There are red herrings across the trail of Japan’s Prime Minister, Shinzo Abe, as he strives to amend the Constitution ~ a consummation that he devoutly wishes for. Though the ruling coaltion commands a majority in both Houses of the Diet (parliament), as underscored by the recent election to the Upper House, the plan may yet hit the reefs as the ruling coalition, Nippon Ishin no Kai and Independents ~ all favourable to amending the Constitution ~ have failed in the election to reach two-thirds, or 164, of the total seats of the Upper House, indeed the figure that is required to initiate the amendment.

The fractured polity makes it imperative for Mr Abe to obtain the cooperation of Opposition parties. As regards launching the process in the Diet and a referendum on constitutional revision, Mr Abe said on television programmes after the results were declared that “Although there is no particular deadline, I really want to somehow realize them during my term.”

It is the deficit in terms of numbers that is now of uppermost concern. The consummation may not be swift not least because the Prime Minister, for all the electoral support, will have to suitably convince his opponents in the legislature about the need to amend the Constitution. The ruling coalition will take all possible measures to posit the administration on a stable foundation, as the coalition holds a majority in both chambers in the Diet.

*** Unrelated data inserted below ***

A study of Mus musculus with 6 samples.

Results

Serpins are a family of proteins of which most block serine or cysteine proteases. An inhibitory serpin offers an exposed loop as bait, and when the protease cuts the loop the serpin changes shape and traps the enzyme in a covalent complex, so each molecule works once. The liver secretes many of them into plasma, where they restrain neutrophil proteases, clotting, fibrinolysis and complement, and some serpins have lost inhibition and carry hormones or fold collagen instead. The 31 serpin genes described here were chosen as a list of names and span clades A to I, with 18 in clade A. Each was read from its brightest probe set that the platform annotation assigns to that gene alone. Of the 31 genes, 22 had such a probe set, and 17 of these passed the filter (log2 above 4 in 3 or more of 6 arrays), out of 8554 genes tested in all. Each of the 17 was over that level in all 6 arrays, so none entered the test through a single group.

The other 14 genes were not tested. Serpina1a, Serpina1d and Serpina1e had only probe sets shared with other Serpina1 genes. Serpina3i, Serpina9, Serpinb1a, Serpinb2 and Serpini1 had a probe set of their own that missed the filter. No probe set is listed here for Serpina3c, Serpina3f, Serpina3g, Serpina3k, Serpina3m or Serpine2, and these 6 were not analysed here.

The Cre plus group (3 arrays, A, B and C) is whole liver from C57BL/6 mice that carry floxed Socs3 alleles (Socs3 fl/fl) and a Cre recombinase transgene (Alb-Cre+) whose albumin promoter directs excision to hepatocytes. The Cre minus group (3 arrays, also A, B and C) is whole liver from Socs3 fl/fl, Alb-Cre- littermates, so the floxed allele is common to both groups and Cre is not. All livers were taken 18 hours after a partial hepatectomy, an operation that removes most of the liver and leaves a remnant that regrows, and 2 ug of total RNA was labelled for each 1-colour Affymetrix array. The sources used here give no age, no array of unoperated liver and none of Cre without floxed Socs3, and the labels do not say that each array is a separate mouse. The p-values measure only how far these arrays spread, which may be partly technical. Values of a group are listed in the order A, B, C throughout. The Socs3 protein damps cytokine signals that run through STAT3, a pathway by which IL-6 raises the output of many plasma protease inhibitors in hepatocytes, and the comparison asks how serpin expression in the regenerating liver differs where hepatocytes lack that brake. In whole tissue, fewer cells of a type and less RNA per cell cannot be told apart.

Mr Abe intends to hold a national referendum on constitutional revision by September 2021, when his tenure as LDP president expires. Several commissions on constitutional reforms are now in place and it is important for every party to present its own views on this terribly important issue. The discussions must of necessity be constructive and lead to a national consensus. The Democratic Party for the People has expressed its willingness to discuss the Constitution.

At the Diet’s extraordinary session, the LDP is hoping to reach an agreement with a large segment of lawmakers. Beyond the Constitution, Japan’s foreign policy will be on test given the two constructs ~ first, North Korea’s missile tests and their impact on Japan’s security, and second, the power-games in the Strait of Hormuz.

The immediate task for the administration is to deal with a coalition of the willing to ensure the safety of the Strait. “We are listening to what the US side says about the plan,” Abe said in a television programme. “First of all, I want to have a clear understanding of it.” Towards that end, Shotaro Yachi, secretary-general of the National Security Secretariat, held talks with America’s national security adviser, John Bolton, at the Prime Minister’s Office soon after the electoral outcome was announced.

Both countries have confirmed that they will cooperate closely. Both in terms of the Constitution and foreign policy, Mr Abe’s finesse will be on test. He is acutely aware that the lack of two-third majority in the Upper House of the Diet could turn out to be a prickly issue.